20 March, 2020

What is IVF?

In vitro fertilisation or IVF, is a technique that can help a woman get pregnant. It is a way of fertilising a woman’s egg with a man’s sperm in a laboratory with the aim of creating an embryo. The embryo is then transferred into a woman’s womb.

If you’re having trouble getting pregnant, you’re not alone - infertility affects 10-15% of couples of reproductive age.

When should you consider IVF?

You’re not usually thought to have fertility problems until you have been trying to fall pregnant for 12 months. If you’re over 30, some suggest allowing at least six months before seeking help, but you may want to want to get advice sooner if you’re in your late 30’s or early 40’s. When you’re considering IVF, it’s important to remember there are also other fertility treatments available such as hormone medications to stimulate ovulation.

On average, a woman has about a one in five chance of becoming pregnant and having a baby in each IVF cycle. The chance of success varies with age, and it is higher for women younger than 35, and lower for older women. By age 44, the chance of success is less than 1 in 10.

You might want to think about IVF if you or your partner has one of the following conditions:

  • low sperm count
  • problems with ovulation due to conditions like polycystic ovary syndrome
  • problems with the fallopian tubes
  • endometriosis

Some people may also choose to try IVF if they have a serious genetic condition that they don’t want to pass on to their children. In these cases, they may choose to use donor sperm or donor eggs. In other cases, men or women who have cancer may freeze their sperm or eggs before they have radiotherapy or chemotherapy. These frozen sperm or eggs can be used in IVF.

If you’re thinking about trying IVF, the first step is to see your GP. They can provide you with information and refer you to a specialist if needed.

What happens in the IVF process?

Pregnancy, Birth and Baby outline the below steps in the IVF process:

  1. Ovary stimulation

    A woman has injections of fertility hormones that stimulate her ovaries to produce multiple eggs. A woman usually only produces one egg each menstrual cycle.

  2. Egg collection

    The woman is put under light sedation, and the eggs are then collected using a fine needle.

  3. Egg fertilisation

    A man’s sperm is then used to fertilise the eggs in a laboratory. Successfully fertilised eggs are grown in an incubator in the laboratory. At the end of this process, healthy embryo’s are collected. 

  4. Embryo transfer

    One or two of the healthy embryos are then transferred to the woman’s womb with the hope that they will successfully implant and the woman will become pregnant. Remaining healthy embryos can be frozen and used later if needed.

  5. Pregnancy test

A pregnancy blood test is normally taken two weeks after the embryo transfer.

Managing emotions through IVF

When considering IVF, it’s important to keep in mind the emotional toll the process can have on you and your partner. It’s common to feel a range of emotions during the IVF process, particularly when you’ve had several unsuccessful cycles. You might feel a sense of hopelessness or despair. It’s also common to feel a sense of overwhelm due to information overload and to struggle to make decisions.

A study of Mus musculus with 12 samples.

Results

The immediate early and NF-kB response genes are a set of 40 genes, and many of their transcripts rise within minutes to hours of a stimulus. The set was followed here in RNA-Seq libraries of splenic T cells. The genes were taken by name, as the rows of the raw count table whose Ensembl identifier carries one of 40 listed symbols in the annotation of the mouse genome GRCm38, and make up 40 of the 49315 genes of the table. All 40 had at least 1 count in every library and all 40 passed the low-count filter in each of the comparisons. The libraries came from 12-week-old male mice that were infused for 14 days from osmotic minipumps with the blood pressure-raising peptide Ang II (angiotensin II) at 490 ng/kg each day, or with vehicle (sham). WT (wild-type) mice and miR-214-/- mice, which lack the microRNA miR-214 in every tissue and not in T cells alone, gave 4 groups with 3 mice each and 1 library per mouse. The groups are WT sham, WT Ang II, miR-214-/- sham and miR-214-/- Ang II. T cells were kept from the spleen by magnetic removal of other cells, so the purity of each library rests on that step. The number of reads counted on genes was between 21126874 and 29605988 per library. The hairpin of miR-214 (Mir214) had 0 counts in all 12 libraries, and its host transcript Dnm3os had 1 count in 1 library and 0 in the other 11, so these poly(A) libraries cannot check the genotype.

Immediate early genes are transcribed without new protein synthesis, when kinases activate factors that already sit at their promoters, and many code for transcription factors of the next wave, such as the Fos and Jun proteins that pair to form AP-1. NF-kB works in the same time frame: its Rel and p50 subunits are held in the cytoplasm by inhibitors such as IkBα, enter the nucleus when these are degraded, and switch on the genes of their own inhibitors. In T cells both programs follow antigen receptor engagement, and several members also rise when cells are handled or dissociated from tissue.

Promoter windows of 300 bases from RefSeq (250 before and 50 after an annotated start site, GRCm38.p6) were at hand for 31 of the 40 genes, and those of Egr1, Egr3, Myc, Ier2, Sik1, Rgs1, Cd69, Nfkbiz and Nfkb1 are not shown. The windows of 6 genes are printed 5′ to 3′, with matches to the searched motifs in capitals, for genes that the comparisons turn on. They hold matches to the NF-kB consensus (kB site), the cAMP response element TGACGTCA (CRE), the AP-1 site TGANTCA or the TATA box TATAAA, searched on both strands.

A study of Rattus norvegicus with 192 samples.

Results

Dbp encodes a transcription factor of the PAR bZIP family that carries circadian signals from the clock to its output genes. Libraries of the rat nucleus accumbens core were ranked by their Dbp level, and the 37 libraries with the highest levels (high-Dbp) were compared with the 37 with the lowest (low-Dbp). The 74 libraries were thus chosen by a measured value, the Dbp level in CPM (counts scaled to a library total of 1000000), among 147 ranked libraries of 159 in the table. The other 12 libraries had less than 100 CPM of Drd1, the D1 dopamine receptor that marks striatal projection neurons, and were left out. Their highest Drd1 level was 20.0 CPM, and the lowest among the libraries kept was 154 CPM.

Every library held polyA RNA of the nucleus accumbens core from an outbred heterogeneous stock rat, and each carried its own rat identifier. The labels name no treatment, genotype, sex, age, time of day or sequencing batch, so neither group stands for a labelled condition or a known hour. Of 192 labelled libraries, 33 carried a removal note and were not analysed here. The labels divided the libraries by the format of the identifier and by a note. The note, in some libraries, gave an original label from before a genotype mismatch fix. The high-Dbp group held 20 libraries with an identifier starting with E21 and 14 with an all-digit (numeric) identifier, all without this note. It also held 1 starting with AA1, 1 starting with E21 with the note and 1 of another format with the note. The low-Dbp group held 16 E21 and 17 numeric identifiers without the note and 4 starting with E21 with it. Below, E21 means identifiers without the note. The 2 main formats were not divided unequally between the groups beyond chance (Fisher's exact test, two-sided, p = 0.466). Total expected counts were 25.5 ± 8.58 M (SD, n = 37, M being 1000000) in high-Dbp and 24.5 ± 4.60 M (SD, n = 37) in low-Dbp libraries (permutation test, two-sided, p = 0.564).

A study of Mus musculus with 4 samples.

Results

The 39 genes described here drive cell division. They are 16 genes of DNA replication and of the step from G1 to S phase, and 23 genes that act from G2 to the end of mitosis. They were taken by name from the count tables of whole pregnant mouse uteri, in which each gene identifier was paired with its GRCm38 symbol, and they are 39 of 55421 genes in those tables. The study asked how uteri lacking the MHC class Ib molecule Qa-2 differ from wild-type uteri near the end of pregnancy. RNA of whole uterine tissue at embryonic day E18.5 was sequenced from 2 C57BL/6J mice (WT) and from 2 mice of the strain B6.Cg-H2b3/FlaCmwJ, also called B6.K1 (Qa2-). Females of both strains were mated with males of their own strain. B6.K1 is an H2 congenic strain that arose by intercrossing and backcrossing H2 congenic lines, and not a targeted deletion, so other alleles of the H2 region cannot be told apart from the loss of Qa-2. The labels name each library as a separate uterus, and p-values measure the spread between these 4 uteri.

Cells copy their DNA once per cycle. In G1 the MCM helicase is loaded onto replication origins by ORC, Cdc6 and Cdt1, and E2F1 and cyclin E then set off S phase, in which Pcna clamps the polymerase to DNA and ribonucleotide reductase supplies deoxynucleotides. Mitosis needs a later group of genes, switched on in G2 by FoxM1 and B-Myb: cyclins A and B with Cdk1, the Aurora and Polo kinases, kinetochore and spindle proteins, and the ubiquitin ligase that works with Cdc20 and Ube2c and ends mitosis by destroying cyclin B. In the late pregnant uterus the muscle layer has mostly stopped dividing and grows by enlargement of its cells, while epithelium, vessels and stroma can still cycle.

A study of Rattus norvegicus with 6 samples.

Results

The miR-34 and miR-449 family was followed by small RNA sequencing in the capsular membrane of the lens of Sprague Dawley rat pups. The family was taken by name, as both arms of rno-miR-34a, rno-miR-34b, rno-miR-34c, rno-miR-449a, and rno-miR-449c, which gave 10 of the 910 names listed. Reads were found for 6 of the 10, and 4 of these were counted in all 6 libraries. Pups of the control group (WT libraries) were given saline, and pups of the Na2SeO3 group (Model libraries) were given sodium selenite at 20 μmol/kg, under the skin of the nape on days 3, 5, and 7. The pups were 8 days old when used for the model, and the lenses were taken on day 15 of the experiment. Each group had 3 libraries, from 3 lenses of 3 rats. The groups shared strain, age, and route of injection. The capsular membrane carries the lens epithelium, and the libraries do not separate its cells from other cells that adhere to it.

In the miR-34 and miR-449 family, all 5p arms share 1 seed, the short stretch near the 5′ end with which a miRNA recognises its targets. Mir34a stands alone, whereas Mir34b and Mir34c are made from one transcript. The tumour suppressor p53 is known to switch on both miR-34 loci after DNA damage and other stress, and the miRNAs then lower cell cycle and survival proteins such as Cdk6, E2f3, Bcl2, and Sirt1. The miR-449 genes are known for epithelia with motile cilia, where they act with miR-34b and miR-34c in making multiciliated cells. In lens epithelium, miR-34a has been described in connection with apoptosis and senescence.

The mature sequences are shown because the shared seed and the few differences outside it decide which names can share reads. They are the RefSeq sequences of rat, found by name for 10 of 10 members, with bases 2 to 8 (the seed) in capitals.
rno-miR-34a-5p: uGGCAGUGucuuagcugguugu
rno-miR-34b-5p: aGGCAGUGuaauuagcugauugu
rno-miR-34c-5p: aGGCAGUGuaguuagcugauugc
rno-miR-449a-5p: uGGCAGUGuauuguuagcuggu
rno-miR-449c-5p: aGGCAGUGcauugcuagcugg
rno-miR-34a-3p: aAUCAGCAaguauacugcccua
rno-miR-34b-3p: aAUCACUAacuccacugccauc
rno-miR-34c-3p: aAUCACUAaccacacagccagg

If you’re already trying IVF and you’re experiencing a low mood that has started to affect other aspects of your life, it might be time to seek help. If you have concerns about your mental health, it’s best to see your GP. They can assess your mental health, prescribe some medication, and refer you to a mental health professional if needed. There are also several phonelines that can help.

For immediate help in a crisis:

You can read more about emotions when going through IVF or depression and IVF at the Centre of Perinatal Excellence.

How much does IVF cost?

Many IVF clinics charge per cycle of IVF, so your costs will depend on how many cycles you choose to have. There are also charges for diagnostic tests, some medications and theatre fees that may not be in the initial quote. IVF can cost up to several thousand dollars, even with private health insurance and the Medicare rebate.

As it’s expensive to get pregnant if you need IVF, it’s a good idea to register for the Medicare Safety Net. The Medicare Safety Net can help to lower your out-of-pocket medical costs for out of hospital services. You don’t need to register if you’re single. If you register as a family or couple, Medicare will combine your medical costs and this means you could reach the threshold faster.

More information

Online resources

Phoneline

  • Pregnancy, Birth and Baby helpline on 1800 882 436 – you can speak with a maternal child health nurse and the free service is available from 7am to midnight every day.

Sources

https://www.yourfertility.org.au/everyone

https://genomemedicine.biomedcentral.com/articles/10.1186/s13073-017-0413-5

https://www.humanservices.gov.au/individuals/subjects/whos-covered-medicare/medicare-services-conceiving-pregnancy-and-birth

https://www.cope.org.au/planning-a-family/happening/

https://www.pregnancybirthbaby.org.au/when-to-consider-ivf

https://www.cope.org.au/planning-a-family/happening/mental-health-and-ivf/depression-and-ivf/

https://www.cope.org.au/planning-a-family/happening/managing-emotions-through-ivf/

https://www.pregnancybirthbaby.org.au/fertility-treatments

 All information contained in this article is intended for general information purposes only. The information provided should not be relied upon as medical advice and does not supersede or replace a consultation with a suitably qualified healthcare professional.